Today I rise to talk about this Prime Minister's chaotic and dangerous foray into energy policy over the last six weeks. We in Australia face a very difficult series of challenges in electricity, largely driven by the fact that, according to AGL, three-quarters of our existing coal- and gas-fired generators are already operating beyond their design life and need to be replaced. The industry, big energy users, expert agencies have all said this country needs a comprehensive plan about the replacement of those generators that, first of all, and most importantly, delivers affordable, reliable electricity to households and businesses as well as aligns with our Paris commitments on carbon pollution.
In December Malcolm Turnbull, the Prime Minister, inexplicably overruled his own energy minister to rule out any consideration of an emissions intensity scheme in electricity, in spite of it being recommended by all of the industry, by state governments—Liberal and Labor alike—by the CSIRO, by the Chief Scientist, by the Energy Market Commission, the Climate Change Authority and many, many others. The Prime Minister's former energy adviser, Danny Price, said this makes the Liberal Party:
… the party of increasing electricity prices and reduced energy security.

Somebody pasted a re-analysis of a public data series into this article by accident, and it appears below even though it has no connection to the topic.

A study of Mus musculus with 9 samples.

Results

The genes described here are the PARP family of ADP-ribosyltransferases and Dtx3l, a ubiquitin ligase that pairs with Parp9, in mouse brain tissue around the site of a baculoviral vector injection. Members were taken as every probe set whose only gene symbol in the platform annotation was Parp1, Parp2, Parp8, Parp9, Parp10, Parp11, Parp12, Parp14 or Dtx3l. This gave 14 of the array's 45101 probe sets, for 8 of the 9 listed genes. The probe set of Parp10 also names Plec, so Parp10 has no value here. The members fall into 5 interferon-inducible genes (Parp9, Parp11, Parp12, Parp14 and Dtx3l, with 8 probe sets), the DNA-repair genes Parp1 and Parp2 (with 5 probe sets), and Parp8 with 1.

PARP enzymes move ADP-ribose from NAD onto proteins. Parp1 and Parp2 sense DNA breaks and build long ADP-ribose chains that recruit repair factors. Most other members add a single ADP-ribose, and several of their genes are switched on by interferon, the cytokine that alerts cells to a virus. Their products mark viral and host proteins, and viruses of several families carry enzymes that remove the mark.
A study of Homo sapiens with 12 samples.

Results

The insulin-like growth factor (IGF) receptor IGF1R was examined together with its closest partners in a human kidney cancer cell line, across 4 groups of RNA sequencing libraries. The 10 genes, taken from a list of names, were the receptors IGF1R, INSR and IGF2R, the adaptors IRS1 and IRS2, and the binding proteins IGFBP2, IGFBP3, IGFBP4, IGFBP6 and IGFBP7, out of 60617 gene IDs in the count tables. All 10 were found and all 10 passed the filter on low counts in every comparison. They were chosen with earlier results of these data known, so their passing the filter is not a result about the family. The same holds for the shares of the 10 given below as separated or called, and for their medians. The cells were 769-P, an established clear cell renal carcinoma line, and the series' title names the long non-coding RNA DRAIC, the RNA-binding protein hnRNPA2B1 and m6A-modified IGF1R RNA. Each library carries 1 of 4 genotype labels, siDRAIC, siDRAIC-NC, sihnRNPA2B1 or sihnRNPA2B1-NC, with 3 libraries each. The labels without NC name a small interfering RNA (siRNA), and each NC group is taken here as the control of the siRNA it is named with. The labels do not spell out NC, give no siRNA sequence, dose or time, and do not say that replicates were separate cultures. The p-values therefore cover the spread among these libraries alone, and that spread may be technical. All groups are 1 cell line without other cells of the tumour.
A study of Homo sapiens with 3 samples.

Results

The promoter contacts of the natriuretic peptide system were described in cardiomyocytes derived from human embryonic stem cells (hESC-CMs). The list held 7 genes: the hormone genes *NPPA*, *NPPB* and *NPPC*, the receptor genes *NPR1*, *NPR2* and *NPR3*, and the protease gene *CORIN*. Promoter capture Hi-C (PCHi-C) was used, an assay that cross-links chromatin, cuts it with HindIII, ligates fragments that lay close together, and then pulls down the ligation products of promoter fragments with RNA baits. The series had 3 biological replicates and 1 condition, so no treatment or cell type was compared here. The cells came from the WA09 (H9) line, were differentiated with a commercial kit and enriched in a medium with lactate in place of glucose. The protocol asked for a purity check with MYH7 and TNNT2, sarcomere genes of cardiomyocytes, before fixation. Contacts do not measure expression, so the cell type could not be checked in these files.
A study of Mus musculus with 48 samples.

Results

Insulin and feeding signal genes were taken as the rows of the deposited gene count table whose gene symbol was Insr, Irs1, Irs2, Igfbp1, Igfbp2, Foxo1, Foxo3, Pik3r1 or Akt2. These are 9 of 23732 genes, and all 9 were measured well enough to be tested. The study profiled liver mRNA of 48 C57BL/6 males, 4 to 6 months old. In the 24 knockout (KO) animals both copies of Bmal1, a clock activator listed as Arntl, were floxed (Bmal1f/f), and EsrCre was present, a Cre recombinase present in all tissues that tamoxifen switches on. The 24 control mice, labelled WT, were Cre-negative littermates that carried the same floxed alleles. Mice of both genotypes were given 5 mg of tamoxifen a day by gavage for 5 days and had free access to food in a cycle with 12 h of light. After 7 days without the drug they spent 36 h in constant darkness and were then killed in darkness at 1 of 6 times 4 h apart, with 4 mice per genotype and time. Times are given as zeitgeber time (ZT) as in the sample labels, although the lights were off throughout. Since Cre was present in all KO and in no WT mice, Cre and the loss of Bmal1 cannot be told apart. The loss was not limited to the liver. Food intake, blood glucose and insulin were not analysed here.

Instead, what we saw at the National Press Club a couple of weeks ago was the Prime Minister place the idea of new coal-fired generators at the centre of his energy plan. To be clear, no-one in Australia was talking about new coal-fired generators being built in this country. No-one had been talking about that for years, until the former Prime Minister, the member for Warringah, penned an op-ed urging the Prime Minister, Malcolm Turnbull, to do just that. And, low and behold, it was the centrepiece of his National Press Club speech. This is the most expensive option, according to the Australian Industry Group. According to the Energy Council, which represents all of the coal- and gas-fired generators:
Put simply, you cannot finance coal.
According to the Climate Institute, it would require somewhere between $27 billion and $44 billion of taxpayer subsidies, because banks simply will not lend to build a new coal-fired generator.
It is good to have the member for Sturt and the member for Boothby here, as I was particularly shocked to read on the front page of The Australian last week that senior government sources are already drawing up plans to build a new coal-fired generator at Pelican Point, on the Lefevre Peninsula. Australia has not built a coal-fired generator in a major city since before World War II. I can tell the member for Sturt and the member for Boothby: there will not be a coal-fired generator built in the community of Port Adelaide while I am the member. The community will reject it. The Prime Minister needs to stop listening to the hard right of the Liberal Party about the important issue of electricity.